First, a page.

By the way, could this be what I think it is? The neighbor setting up an unprotected network with the same name as mine in the hope that my computer would connect to his net if mine happened to be down?
This is a very interesting scenario. On the surface, it certainly feels like your neighbor is up to something. Exactly what is difficult to say, but I think you’re wise to be very cautious.
While I wouldn’t call it “blocking” the neighbor’s wireless network, here are the steps I would take.
You’ve already taken the first steps.
Step 1 is to rename your wireless access point. Exactly how you do that will vary, depending on what brand/model of access point or router you happen to be using, but it typically requires going into the administrative interface for the device and changing the SSID, or network name.
Step 2 is to make sure your wireless access point has WPA2 enabled, with a good password. Once again, exactly how you set this will vary based on your specific device.
This should make it impossible for anyone without your specific wireless password to connect to your network.
Control your own access
The next step I would take would be to make sure you connect only to your preferred connections. Again, it sounds like you may already have done this.
Click on the wireless network icon in your taskbar, and then on Network settings.
In the resulting Settings app, click on Manage known networks.
This is a list of wireless access points you’ve connected to in the past, which will be remembered and connected to automatically in the future.
Scan through this list, click on any you don’t want to connect to automatically, and click on Forget to remove them from the list.
Assuming your neighbor’s access point is listed, you can remove it. Once removed, you won’t connect automatically. At worst, you’ll be prompted when a network is recognized as available, and of course you can then say “No” and choose a different access point you trust.
Possible confusion remains
My assumption is that a known network is known by at least two characteristics:
- Its SSID or name
- Its encryption
By this, I mean I’m assuming that two networks with the same name are still considered different networks if they use different encryption, or one uses none at all.
I also suspect your neighbor can continue to cause trouble by renaming his access point the same as yours to simply confuse either your computer or yourself when it comes time to connect to your wireless network. It would be easy for you to connect to the wrong one, for example, without thinking.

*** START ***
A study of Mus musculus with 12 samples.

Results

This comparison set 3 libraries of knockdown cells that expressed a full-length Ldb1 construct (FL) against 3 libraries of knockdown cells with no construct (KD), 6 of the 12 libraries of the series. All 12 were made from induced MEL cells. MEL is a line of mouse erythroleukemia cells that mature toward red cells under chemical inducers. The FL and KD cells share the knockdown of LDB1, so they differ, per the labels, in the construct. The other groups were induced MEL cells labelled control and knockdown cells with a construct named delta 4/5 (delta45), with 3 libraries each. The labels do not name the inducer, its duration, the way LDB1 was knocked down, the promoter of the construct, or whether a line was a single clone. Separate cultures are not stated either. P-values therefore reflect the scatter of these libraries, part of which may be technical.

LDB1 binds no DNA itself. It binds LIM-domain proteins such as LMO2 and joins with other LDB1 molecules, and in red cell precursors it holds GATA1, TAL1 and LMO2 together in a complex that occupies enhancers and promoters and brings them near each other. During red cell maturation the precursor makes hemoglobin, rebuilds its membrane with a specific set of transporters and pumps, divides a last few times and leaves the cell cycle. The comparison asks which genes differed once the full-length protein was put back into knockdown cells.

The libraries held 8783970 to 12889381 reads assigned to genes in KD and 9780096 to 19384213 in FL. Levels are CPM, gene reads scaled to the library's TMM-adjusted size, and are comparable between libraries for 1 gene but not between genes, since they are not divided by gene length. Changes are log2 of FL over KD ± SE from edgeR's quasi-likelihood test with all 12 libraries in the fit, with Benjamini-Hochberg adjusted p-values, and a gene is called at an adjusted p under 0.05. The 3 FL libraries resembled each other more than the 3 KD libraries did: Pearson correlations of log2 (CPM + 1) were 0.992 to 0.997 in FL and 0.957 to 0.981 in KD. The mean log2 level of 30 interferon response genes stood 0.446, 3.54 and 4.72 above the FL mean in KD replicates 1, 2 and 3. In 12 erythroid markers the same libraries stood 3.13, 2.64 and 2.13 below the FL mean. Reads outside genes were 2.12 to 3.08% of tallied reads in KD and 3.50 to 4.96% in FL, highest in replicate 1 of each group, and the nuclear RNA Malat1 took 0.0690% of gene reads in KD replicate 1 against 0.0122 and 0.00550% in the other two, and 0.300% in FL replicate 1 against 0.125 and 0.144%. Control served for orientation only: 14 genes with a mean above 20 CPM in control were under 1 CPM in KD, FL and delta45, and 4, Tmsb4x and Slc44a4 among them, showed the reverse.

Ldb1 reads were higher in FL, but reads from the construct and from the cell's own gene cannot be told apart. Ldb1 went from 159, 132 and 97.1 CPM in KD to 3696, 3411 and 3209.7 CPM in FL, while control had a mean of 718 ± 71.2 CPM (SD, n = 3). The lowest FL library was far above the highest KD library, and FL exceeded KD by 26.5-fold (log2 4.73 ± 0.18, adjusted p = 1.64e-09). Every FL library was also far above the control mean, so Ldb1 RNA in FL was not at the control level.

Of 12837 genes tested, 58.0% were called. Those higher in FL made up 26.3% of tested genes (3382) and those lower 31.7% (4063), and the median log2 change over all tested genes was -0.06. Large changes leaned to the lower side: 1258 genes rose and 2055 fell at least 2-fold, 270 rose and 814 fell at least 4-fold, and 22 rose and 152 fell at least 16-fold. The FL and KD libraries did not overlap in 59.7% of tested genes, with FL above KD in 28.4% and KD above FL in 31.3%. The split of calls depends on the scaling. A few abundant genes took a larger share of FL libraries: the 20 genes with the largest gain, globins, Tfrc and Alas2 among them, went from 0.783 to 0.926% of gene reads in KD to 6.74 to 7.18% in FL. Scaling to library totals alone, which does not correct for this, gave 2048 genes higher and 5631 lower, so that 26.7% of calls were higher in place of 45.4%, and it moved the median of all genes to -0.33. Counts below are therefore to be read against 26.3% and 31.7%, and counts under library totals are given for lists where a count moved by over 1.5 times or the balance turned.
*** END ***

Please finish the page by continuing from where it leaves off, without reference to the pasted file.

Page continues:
So there’s one additional change that, while not adding a lot of real security, would at least confirm your neighbor’s bad intentions, if compromised.
Configure your access point to stop broadcasting the SSID (aka network name), and then change the SSID. Unfortunately, exactly how this is done depends on your specific access point.
The downside here is that Windows won’t automatically detect your network; you’ll have to configure it manually; fortunately you should only need to do this once. Go to the “Network and Sharing Center” (there’s a link near the bottom of the Wi-Fi setting page, not shown), click on “Set Up a Connection or Network“, and then click on “Manually connect to a wireless network”.
Fill in the information about your wireless network, including its name and the network password. (“Start this connection automatically” is what it sounds like, if the network is available your machine will connect to it automatically. “Connect even if the network is not broadcasting” I suggest leaving off. While it’s generally benign it actually causes your machine to broadcast the network name that it’s looking for, allowing others to discover your otherwise hidden SSID.)
This prevents your neighbor from seeing your new network name – at least from seeing it easily. That’s why I say it’s not absolutely secure. If your neighbor is technically savvy enough to sniff your wireless packets, the SSID can still be viewed. But if another open access point appears with your new, “hidden” network name, you’ll know your neighbor is up to no good.
At that point, I’d seriously consider shutting down your wireless connection completely, and as inconvenient as it may be, go wired-only, at least for a while.